Media Release: 23 August 2011

The new Karangahape Road bus shelters were officially unveiled this morning at a dawn ceremony that saw the successful completion of Auckland Transport’s $2.1 million project.

The previous bus shelters which were built in 1970 have been replaced by a fresh open-style structure designed by Opus Architecture. The new design optimises views from the overbridge and will be easier to clean and maintain.

Auckland Tourism Events and Economic Development played a key part in the project with a generous contribution of $300,000. The overbridge is a key part of the RWC 2011 Fan Trail, part of the official transport plan for Eden Park during RWC 2011.

Chief Executive for Auckland Transport, David Warburton this morning acknowledged the support of ATEED along with the K ‘Road Business Association. “K ‘Road is one of Auckland’s most famous roads and it’s important that it looks its best, particularly with RWC 2011 less than three weeks away.”

“A large number of people walked, if not the whole way, at least part of the way to the way to the Bledisloe Cup game at Eden Park a few weeks ago, and we know our international visitors are well used to walking to matches in their own countries, so between walking and catching the bus here, K’ Road residents can expect a fair few more people in their neighbourhood shortly.”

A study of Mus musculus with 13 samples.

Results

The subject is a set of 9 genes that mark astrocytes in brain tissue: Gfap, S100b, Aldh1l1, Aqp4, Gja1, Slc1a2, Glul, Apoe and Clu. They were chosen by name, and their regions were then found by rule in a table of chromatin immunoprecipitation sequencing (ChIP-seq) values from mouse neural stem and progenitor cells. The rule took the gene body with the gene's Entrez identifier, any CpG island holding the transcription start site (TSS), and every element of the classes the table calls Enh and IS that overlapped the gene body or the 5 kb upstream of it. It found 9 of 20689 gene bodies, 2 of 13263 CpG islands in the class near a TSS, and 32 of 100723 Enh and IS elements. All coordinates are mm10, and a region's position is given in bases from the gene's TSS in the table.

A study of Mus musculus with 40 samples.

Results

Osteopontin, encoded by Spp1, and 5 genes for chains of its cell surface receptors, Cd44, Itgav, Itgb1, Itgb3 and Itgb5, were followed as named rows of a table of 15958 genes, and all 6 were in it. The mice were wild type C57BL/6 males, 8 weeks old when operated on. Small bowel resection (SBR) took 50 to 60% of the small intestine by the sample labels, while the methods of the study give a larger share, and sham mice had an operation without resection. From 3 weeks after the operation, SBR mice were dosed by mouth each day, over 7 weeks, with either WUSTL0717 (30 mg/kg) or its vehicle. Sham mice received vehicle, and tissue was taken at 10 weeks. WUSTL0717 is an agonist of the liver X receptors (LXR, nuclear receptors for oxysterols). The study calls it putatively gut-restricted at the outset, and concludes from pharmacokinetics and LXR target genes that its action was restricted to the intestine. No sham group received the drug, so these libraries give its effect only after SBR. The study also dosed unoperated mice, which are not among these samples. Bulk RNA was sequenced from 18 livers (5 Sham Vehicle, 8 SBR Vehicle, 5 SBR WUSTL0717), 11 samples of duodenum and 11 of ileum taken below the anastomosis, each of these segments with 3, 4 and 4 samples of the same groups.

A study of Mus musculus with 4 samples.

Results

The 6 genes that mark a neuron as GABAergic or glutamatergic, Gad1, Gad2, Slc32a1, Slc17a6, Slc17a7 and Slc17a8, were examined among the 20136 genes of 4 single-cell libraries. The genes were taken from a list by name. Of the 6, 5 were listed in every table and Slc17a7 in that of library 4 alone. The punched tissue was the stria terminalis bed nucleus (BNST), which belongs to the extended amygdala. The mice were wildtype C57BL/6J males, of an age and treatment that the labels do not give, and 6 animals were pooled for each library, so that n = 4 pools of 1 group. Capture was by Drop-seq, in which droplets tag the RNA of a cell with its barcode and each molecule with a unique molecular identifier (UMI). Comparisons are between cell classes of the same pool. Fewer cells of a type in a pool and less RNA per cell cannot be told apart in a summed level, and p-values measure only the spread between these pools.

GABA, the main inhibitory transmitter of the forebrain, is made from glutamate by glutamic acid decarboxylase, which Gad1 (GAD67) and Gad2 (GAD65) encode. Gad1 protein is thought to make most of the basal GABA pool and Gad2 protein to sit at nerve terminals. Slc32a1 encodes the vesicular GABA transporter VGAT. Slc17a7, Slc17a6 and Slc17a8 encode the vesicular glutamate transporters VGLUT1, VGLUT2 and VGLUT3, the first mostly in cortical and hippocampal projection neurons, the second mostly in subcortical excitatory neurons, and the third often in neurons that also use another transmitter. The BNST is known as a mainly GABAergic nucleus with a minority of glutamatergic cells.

An image of the artist and his artwork at the bus shelters
To ngan artist, Filipe Tohi, designed the decals for the light poles.

The design includes new safety screens and a canopy along the length of the bridge. Additionally, bus shelters were built with new seating areas and improved lighting.

Renowned Tongan artist, Filipe Tohi, was commissioned by the K ‘Road Business Association to design decals (removable transfers) for the light poles on the overbridge. The business association has adopted Tonga as their ‘second team’ for RWC 2011. ’Because the decals are removable, other artists will be able to showcase their work in the future.

The bus shelter replacement project, which began early in June, was more cost-effective than upgrading the existing shelters because of ongoing maintenance costs. The previous shelters had outlived their shelf life by more than 15 years.